That cheeky smile, fantastic team ethic and winning mentality all make him one of the most popular figures at Anfield, and rightly so.
Whether he’s taking on nine-year-olds with Philippe Coutinho, nutmegging strangers in the middle of Liverpool city centre or showcasing his fantastic tactical awareness, he’s a class act.
There can be no denying that Wijnaldum has been a success story since Jurgen Klopp stumped up £25million to sign him from Newcastle last summer, with the Dutchman slotting into the Reds’ midfield with consummate ease.
While many were initially left bemused at the signing, due to there being no need for another attacking player, Klopp always planned to use him in the deeper midfield role that he thrived in during his PSV Eindhoven days.
As per usual, the Reds manager was one step ahead of the ‘experts’.
There is one problem with Wijnaldum, however. More than any other current player, he has summed up the frustrating nature of Liverpool’s 2016/17 season, flittering between sublime and toothless far too often.
Like the team as a whole, the 26-year-old has come alive in the big matches, which should not be sniffed at.
His muscle, intelligence and slick use of the ball have all been an integral part of the Reds staying unbeaten against their top-six rivals, with some potential Man of the Match displays thrown in.
Wijnaldum’s towering header earned his side a New Year’s Eve win over Man City, back when the title was very much on the cards, while another aerial strike, against Chelsea, just about kept them in the hunt.
Then there was the wonderful finish against Arsenal in the dying seconds, with his lung-busting run prior to scoring indicative of his box-to-box brilliance.
There were plaudits being sent in Wijnaldum’s direction left, right and centre, and deservedly so. Forget the influence of Jordan Henderson, the blood-and-guts style of Emre Can and the effortless class of Adam Lallana – he was the man making Liverpool tick when top class opponents stood before them.
Unfortunately, though, this version of Wijnaldum has not been on display every week.
The reason Liverpool have fallen short in their quest for the Premier League title, and are stuttering in their attempts to qualify for the Champions League, is because of endless poor showings against weaker sides.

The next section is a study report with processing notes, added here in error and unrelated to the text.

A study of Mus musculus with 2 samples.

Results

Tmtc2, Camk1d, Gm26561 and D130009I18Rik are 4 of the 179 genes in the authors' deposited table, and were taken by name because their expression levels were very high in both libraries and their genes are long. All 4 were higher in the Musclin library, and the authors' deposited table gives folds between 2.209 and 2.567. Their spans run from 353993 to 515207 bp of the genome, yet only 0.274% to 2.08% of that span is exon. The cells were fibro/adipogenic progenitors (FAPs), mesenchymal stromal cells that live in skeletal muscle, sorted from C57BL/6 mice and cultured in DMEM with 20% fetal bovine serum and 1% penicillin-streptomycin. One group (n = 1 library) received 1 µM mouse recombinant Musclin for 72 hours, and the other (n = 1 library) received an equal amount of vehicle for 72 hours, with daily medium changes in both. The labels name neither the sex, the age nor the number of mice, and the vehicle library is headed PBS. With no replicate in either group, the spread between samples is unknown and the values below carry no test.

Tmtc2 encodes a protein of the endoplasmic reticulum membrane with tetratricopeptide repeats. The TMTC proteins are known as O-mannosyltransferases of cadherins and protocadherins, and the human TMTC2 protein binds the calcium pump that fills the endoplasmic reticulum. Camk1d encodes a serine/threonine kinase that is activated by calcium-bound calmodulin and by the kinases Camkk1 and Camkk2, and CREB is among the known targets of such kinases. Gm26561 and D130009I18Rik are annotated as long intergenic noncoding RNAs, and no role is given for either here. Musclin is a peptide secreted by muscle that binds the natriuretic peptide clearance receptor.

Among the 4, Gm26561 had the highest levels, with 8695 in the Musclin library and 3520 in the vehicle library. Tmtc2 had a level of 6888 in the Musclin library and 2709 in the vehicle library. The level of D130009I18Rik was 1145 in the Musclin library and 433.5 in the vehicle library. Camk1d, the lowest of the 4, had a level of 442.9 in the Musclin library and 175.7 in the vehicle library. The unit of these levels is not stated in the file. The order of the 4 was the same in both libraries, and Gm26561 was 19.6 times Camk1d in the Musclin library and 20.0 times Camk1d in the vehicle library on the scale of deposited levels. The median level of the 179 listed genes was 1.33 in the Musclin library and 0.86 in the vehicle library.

While many, if not every, Reds player should be shouldering some of the blame for this, few squad members have shown more of a contrast than Wijnaldum, when it comes to performances in big matches compared to smaller ones.
With a lack of space allowed by defence-minded opponents, Liverpool have been crying out for some guile and risk in the middle of the park, but Wijnaldum has invariably shirked the limelight.
Rather than stand up and be counted, as was the case against the heavyweight clubs, Wijnaldum has invariably gone into his shell.
There has been the odd glimpse, most notably the equaliser at home to a stubborn Burnley outfit, but then glimpses have been all too sporadic.
Wijnaldum has been far too happy to play the easy ball and allow someone else to attempt some magic, and his general demeanour has been that of someone lacking confidence.
Admittedly, he is a subtle footballer who will do things that go under the radar, but anyone excusing such ineffective displays is clearly a little too biased in favour of the likeable Netherlands international.
Sunday’s drab 0-0 draw with Southampton was the latest example of the former Newcastle man being close to anonymous, and his lifeless performance was a big reason for Liverpool falling short.
He had just 38 touches in the entire game, with only 14 coming in the second-half, when Klopp’s men were desperately searching for a priceless winner.
There is being a subtle influence, and then there is simply being no influence at all. Wijnaldum was the latter against Saints, and has been against a host of other sides.
Where were those well-timed runs into the box? Where was that confidence and inventiveness on the ball? Where was the strut and physical presence that came to the fore at Goodison Park back in December?
Maybe it is a mental issue, with Wijnaldum more revved-up against stronger sides, and with more space to express himself. More likely, however, is that he is someone who shines most as a key cog in the wheel, not as the main man.
When he is asked to be a match-winner, he shrinks – when he isn’t, it comes more naturally to him, as we have seen against City, Arsenal and others this season. He is the perfect supporting actor.
Wijnaldum is a brilliant player – it is no surprise to see him loved by so many supporters – and he will go on to be a fabulous signing as the months and years pass on Merseyside.
His debut season has unquestionably been a good one, with the positives outweighing the negatives, but he has let himself down when less glamorous opponents have come to town.
We all know that Liverpool must start conquering these sides if they are to reach that next level under Klopp – exactly the same applies to Wijnaldum.